The Elephantine Papyri is the collective name commonly given to several archives of documents belonging to members of a Jewish garrison community which inhabited the island of Elephantine (ancient Yeb), near Aswan in Egypt, between 495 and 399 BCE.
This unique Jewish community possessed its own temple to Yahweh on the island, apparently functioning alongside the long-established cult shrine of the local ram-headed deity Khnum.
The first modern indications as to the existence of this community were revealed in papyri bought by Giovanni Belzoni. An assortment of other texts (including ostraka) were therafter acquired by Greville Chester in the 1870s, and by Charles Edwin Wilbour, W. Spiegelberg, A.H. Sayce, Lady William Cecil and Robert Mond in the 1890s and early 1900s.
The papyri are written in Aramaic, the lingua franca of the 5th – 4th centuries BCE Persian (Achaemenid) Empire, of which Egypt and Palestine were both a part.
Official excavation of the island commenced in 1904, providing an archaeological context for the fascinating details of daily life revealed in the archives.
The Principal Jewish Archives
Mibtahian, 11 legal documents, 471-410 BCE, family archive, purchased
Ananiah, 13 legal documents, 456-402 BCE, family archive, purchased
Yedaniah, 11 letters + 1 list, 419-407 BCE, communal archive, excavated
“The Passover Papyrus”
A very defective strip of papyrus with writing on both sides. Text: Sachau, 6; Ungnad, 6; Cowley, 21. Date: 419 BCE
[To] my [brethren Yedo]niah and his colleagues the [J]ewish gar[rison], your brother Hanan[iah]. The welfare of my brothers may God [seek at all times]. Now, this year, the fifth year of King Darius, word was sent from the king to Arsa[mes saying, “Authorise a festival of unleavened bread for the Jew]ish [garrison]”. So do you count fou[rteen days of the month of Nisan and] obs[erve the passover], and from the 15th to the 21st day of [Nisan observe the festival of unleavened bread]. Be (ritually) clean and take heed. [Do n]o work [on the 15th or the 21st day, no]r drink [beer, nor eat] anything [in] which the[re is] leaven [from the 14th at] sundown until the 21st of Nis[an. For seven days it shall not be seen among you. Do not br]ing it into your dwellings but seal (it) up between these date[s. By order of King Darius. To] my brethren Yedoniah and the Jewish garrison, your brother Hanani[ah].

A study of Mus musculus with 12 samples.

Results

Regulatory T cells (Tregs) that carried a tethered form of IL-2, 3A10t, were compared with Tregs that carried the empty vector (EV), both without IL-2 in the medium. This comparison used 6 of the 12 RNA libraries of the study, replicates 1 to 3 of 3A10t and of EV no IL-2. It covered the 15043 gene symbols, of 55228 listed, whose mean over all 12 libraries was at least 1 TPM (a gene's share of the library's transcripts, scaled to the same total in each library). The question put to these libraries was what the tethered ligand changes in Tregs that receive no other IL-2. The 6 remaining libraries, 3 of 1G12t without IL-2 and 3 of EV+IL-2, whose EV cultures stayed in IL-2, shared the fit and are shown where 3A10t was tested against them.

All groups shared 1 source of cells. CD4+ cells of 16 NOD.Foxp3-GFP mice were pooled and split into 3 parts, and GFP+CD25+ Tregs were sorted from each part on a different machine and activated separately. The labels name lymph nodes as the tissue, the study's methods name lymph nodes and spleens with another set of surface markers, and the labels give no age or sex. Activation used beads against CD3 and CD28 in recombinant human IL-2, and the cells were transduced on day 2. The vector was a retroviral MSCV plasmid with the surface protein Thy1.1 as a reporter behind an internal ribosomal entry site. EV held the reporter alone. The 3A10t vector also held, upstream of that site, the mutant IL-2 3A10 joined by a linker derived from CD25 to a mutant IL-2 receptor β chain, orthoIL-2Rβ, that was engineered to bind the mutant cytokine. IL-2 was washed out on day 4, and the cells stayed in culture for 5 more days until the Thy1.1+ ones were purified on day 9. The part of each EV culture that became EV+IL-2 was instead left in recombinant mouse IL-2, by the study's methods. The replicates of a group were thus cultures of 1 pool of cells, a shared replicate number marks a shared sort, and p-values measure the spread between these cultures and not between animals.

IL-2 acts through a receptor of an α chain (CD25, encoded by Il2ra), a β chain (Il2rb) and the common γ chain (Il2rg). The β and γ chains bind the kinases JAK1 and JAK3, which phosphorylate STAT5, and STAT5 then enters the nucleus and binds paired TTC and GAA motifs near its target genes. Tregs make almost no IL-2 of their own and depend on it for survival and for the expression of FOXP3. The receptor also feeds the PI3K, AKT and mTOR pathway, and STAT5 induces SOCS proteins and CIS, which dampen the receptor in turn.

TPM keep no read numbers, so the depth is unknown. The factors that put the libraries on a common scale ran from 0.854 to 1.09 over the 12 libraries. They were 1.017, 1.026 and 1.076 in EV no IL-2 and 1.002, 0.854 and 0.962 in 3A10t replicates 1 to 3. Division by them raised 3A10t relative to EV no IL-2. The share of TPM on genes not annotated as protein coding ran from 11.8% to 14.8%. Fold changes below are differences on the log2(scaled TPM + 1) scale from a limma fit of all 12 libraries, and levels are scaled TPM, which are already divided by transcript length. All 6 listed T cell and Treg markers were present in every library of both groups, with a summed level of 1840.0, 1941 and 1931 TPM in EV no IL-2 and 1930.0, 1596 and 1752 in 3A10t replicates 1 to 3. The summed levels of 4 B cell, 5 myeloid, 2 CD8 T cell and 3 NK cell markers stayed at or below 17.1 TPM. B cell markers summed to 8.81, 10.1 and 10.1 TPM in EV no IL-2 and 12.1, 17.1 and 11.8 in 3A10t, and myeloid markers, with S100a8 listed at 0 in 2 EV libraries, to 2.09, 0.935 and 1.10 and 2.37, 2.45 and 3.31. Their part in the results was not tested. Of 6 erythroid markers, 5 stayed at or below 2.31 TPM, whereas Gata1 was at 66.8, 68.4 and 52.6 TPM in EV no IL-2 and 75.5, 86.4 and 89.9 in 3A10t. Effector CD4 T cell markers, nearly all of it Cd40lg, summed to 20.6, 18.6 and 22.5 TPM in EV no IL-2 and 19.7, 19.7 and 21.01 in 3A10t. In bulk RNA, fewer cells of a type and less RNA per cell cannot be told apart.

Alexander, Philip S.
“Remarks on Aramaic Epistolography in the Persian Period”, Journal of Semitic Studies 23 (1978), pp.155-70.
Cowley, A. (editor and translator)
Aramaic Papyri of the Fifth Century B.C., Oxford: Oxford University Press, 1923.
Ginsberg , H. L.
“Aramaic Letters”, translations in J. B. Pritchard (ed.), Ancient Near Eastern Texts, 3d edition, Princeton: Princeton University Press, 1969, pp.491-92.
“The Structure and Orientation of the Jewish Temple at Elephantine—A Revised Plan of the Jewish District”, JAOS 81 (1961), pp.8-42.
The Archives from Elephantine: The Life of an Ancient Jewish Colony, Berkeley: University of California Press, 1968.
“The Archive of Jedaniah son of Gemariah of Elephantine: The Structure and Style of the Letters”,Eretz Israel 14 (1978), pp.165-77.
“The Archive of Yedaniah b. Gemariah of Elephantine”, in Shaked, S. (ed.) Irano-Judaica: Studies Relating to Jewish Contacts with Persian Culture Throughout the Ages, Jerusalem: Ben-Zvi Institute for the Study of Jewish Communities in the East, 1982, pp.11-24.
Porten, Bezalel (with J. J. Farber, C. J. Martin, G. Vittmann, Leslie S. B. MacCoull, Sarah Clackson, and contributions by Simon Hopkins & Ranon Katzoff)
The Elephantine Papyri in English: Three Millennia of Cross-Cultural Continuity and Change, Leiden: Brill, 1996.
Sachau , Eduard
Aramäische Papyrus und Ostraka aus einer jüdischen Militär-Kolonie zu Elephantine: Altorientalische Sprachdenkmäler des 5. Jahrhunderts vor Chr., Leipzig: Hinrichs, 1911.